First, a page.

4 Female Directors of Photography talk About the role of the cinematographer
While cinematography tends to be a boys club, there are plenty of talented female Directors of Photography. This week in Zeferino Professional Lighting we want to share some knowledge from four of the best female cinematographers working today, including Ellen Kuras (He Got Game, Blow, Eternal Sunshine of the Spotless Mind), Reed Morano (Frozen River, Kill Your Darlings), Mandy Walker (Australia, Tracks) and Rachel Morrisson (Fruitvale Station, Cake, Sound of My Voice).
I think cinematography will have a better future than most people expect. When you think about what makes the magic happen in movies, a lot of it has to do with the look of the film. I think anybody who is just pointing and shooting will find it hard to create that magic. It takes experience and understanding and knowledge to think about things that don’t have anything to do with pointing and shooting…like blocking and moving the camera so that the image says something more than just documenting the action. Making a film requires a lot more than just following a certain storyline, the words on the page and how the actors say their lines. A lot of it has to do with the visual nuances and the environment that’s created in the film. I’d tell the students they need the desire to try new things knowing that mistakes are going to happen. Sometimes a mistake will be the best part of a film. You can’t be afraid to try different things.
I joke around sometimes and say that the DP is like a shrink for the director, but there’s some truth in there. I want my directors to feel that they can completely rely on me once the shoot begins and that I’m in their brain. It’s my duty to make everybody feel secure, from producers to directors and actors. Especially the actors – if I don’t make the actors feel as comfortable as possible in front of the camera, it’s possible they’re not going to be able to give their best performance. As a DP, I’ve found that my most invaluable skills besides lighting and using my eye are problem solving, diplomacy and being a great communicator.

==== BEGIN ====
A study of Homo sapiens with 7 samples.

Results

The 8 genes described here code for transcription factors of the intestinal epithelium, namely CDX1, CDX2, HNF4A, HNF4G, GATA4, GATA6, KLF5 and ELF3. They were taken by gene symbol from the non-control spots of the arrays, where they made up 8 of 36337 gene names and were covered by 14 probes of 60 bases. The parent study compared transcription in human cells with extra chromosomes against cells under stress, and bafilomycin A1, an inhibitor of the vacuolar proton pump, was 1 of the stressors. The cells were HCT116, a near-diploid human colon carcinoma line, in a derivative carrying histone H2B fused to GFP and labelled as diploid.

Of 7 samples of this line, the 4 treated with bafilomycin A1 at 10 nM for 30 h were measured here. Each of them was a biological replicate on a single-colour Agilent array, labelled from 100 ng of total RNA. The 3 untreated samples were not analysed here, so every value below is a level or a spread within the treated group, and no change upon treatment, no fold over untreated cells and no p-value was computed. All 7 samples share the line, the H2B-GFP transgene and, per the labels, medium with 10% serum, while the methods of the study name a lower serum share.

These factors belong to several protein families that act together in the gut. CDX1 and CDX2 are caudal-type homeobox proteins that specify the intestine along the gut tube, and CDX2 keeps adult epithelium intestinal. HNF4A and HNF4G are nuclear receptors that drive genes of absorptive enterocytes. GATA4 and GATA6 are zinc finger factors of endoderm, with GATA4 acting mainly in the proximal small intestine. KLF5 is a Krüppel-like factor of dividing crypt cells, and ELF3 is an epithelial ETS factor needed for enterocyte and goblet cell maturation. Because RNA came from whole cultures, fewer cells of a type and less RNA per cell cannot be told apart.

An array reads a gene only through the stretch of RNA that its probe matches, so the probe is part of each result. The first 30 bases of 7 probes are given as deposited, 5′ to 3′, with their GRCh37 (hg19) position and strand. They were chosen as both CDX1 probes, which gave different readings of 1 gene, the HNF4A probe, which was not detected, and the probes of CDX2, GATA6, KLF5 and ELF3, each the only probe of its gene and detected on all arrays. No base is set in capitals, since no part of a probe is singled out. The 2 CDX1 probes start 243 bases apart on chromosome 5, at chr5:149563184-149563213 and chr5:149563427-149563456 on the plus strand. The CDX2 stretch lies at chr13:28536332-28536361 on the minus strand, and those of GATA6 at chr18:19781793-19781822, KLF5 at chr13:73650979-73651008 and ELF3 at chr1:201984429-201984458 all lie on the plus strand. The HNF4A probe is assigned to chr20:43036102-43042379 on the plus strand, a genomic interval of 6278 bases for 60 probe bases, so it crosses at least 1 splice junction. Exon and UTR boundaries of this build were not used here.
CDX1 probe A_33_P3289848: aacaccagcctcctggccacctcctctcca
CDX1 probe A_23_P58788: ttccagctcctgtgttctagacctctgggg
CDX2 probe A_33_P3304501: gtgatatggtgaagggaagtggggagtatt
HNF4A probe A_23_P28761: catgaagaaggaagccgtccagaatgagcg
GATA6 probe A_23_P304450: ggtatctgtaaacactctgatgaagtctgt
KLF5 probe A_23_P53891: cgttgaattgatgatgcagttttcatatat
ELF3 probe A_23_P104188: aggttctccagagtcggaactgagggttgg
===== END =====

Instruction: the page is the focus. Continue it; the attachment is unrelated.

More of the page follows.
It really varies depending on the relationship I have with a director. I feel I have to be open and adaptive to this. I would never go into a project and dictate to a director: “this is how the movie should look”. Some directors come to me with a very clear idea of their references or vision, which I then interpret into a visual language. It is my job to figure out how I can achieve the director’s vision cinematically, in collaboration with the director then the art department and costume department.
Then there are those directors who come to you with a clear idea of what they want to say in the film, but not a very strong cinematic vision. This process involves searching for and trying out different ideas and reference materials that might appeal to their style of story telling. I will glean from art galleries, photography and art books, and other movies to find influential images or scenes that I feel resonate with the story, emotions, and journey of the characters in our film. Depending on the project, this collection of references will vary from one or two key elements to a comprehensive list.
I try to control as much optically in-camera as I can, not relying on post-effects, which is almost an old school philosophy at this point. But getting completely caught up in the technical suddenly makes you a mathematician, not an artist. It’s a delicate balance between getting close to what you want and not taking out the poetry of the story.